So neuroscientists use an approach called “dimensionality reduction” to make such visualization possible—they take data from thousands of neurons and, by applying clever techniques from linear algebra, describe their activities using just a few variables. This is just what psychologists did in the 1990s to define their five major domains of human personality: openness, agreeableness, conscientiousness, extroversion, and neuroticism. Just by knowing how an individual scored on those five traits, they found, they could effectively predict how that person would answer hundreds of questions on a personality test.
But the variables extracted from neural data can’t be expressed in a single word like “openness.” They are more like motifs, patterns of activity that span whole neural populations. A few of these motifs can define the axes of a plot, wherein every point represents a different combination of those motifs—its own unique activity profile.
There are downsides to reducing data from thousands of neurons down to just a few variables. Just like taking a 2D image of a 3D cityscape renders some buildings totally invisible, cramming a complex set of neuronal data down into only a few dimensions eliminates a great deal of detail. But working in a few dimensions is much more manageable than examining thousands of individual neurons at once. Scientists can plot evolving activity patterns on the axes defined by the motifs to watch how the neurons’ behavior changes over time. This approach has proven especially fruitful in the motor cortex, a region where confusing, unpredictable single-neuron responses had long flummoxed researchers. Viewed collectively, however, the neurons trace regular, often circular trajectories. Features of these trajectories correlate with particular aspects of movement—their location, for example, is related to speed.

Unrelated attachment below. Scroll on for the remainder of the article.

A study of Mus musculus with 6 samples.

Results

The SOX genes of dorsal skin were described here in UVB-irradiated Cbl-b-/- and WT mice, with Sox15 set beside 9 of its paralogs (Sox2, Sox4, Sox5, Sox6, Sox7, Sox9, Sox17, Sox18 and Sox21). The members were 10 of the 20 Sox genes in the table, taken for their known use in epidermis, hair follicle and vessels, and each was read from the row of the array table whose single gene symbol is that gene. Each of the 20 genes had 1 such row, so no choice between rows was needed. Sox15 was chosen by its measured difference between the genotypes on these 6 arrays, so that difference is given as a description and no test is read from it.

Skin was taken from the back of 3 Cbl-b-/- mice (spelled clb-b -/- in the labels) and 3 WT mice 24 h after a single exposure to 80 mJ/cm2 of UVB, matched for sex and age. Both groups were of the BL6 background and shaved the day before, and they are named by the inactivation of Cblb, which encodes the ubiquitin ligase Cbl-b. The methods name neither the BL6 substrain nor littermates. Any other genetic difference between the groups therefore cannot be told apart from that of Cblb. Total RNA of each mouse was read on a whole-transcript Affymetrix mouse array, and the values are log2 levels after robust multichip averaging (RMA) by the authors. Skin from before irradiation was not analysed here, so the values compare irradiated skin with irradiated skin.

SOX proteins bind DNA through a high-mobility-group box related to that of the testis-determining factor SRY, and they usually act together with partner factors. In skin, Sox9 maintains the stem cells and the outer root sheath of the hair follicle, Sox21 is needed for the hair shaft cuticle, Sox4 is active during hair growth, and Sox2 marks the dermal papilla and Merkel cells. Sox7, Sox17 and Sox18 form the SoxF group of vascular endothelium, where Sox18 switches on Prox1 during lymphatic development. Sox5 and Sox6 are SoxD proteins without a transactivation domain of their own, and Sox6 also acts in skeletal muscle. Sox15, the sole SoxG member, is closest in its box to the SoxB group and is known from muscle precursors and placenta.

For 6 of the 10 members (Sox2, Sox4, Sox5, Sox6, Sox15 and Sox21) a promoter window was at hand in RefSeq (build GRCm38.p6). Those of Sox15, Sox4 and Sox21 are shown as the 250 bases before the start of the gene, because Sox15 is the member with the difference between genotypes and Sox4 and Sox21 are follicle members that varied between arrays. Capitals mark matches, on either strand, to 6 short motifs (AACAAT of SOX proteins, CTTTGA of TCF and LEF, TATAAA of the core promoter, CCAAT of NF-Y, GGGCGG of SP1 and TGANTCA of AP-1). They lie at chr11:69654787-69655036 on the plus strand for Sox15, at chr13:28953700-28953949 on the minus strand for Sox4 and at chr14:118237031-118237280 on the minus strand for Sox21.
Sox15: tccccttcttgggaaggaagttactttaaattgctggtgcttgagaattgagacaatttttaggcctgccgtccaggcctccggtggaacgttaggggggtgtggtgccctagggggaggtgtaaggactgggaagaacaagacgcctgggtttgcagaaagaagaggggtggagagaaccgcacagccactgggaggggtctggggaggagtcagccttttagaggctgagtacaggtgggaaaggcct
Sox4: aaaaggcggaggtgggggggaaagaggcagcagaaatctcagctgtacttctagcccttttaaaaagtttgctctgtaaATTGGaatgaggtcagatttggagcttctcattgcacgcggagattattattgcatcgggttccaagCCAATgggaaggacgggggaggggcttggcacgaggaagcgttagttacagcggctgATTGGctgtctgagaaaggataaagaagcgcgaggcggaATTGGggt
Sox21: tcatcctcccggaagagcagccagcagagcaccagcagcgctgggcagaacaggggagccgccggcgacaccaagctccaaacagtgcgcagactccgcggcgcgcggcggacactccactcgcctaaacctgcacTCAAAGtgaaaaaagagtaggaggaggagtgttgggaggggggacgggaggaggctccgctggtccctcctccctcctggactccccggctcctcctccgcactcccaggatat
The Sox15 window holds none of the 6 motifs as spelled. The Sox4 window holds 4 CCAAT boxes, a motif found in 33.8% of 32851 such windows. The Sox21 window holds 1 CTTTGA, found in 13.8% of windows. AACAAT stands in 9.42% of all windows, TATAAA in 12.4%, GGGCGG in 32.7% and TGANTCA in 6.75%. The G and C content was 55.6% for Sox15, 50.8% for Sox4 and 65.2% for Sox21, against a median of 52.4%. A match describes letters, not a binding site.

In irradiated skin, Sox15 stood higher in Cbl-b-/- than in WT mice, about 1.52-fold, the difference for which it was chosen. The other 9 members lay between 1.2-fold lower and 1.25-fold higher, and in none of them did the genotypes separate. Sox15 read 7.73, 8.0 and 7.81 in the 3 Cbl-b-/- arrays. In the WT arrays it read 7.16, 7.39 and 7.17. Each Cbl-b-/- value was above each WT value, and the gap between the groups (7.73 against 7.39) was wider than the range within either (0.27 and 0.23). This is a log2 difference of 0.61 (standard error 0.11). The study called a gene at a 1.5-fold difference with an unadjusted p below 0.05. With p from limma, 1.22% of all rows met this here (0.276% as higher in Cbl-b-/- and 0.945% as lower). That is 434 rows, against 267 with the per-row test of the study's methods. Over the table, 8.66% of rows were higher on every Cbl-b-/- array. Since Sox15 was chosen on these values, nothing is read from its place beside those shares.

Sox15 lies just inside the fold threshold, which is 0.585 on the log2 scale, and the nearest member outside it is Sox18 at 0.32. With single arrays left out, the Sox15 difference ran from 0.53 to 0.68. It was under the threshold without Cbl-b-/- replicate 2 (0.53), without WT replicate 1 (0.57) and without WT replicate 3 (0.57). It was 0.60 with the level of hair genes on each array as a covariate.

Olsen says he expects that scientists will use dimensionality reduction to extract interpretable patterns from the complex data. “We can’t go neuron by neuron,” he says. “We need statistical tools, machine learning tools, that can help us find structure in big data.”
But this vein of research is still in its early days, and scientists struggle to agree on what the patterns and trajectories mean. “People fight all the time about whether these things are factual,” says John Krakauer, professor of neurology and neuroscience at Johns Hopkins University. “Are they real? Can they be interpreted as easily [as single-neuron responses]? They don’t feel as grounded and concrete.”
Bringing these trajectories down to earth will require developing new analytical tools, says Churchland—a task that will surely be facilitated by the availability of large-scale data sets like the Allen Institute’s. And the unique capacities of the institute, with its deep pockets and huge research staff, will enable it to produce greater masses of data to test those tools. The institute, Olsen says, functions like an astronomical observatory—no single lab could pay for its technologies, but the entire scientific community benefits from, and contributes to, its experimental capabilities.
Currently, he says, the Allen Institute is working on piloting a system where scientists from across the research community can suggest what sorts of stimuli animals should be shown, and what sorts of tasks they should be doing, while thousands of their neurons are being recorded. As recording capacities continue to increase, researchers are working to devise richer and more realistic experimental paradigms, to observe how neurons respond to the sorts of real-world, challenging tasks that push their collective capabilities. “If we really want to understand the brain, we cannot keep just showing oriented bars to the cortex,” Fusi says. “We really need to move on.”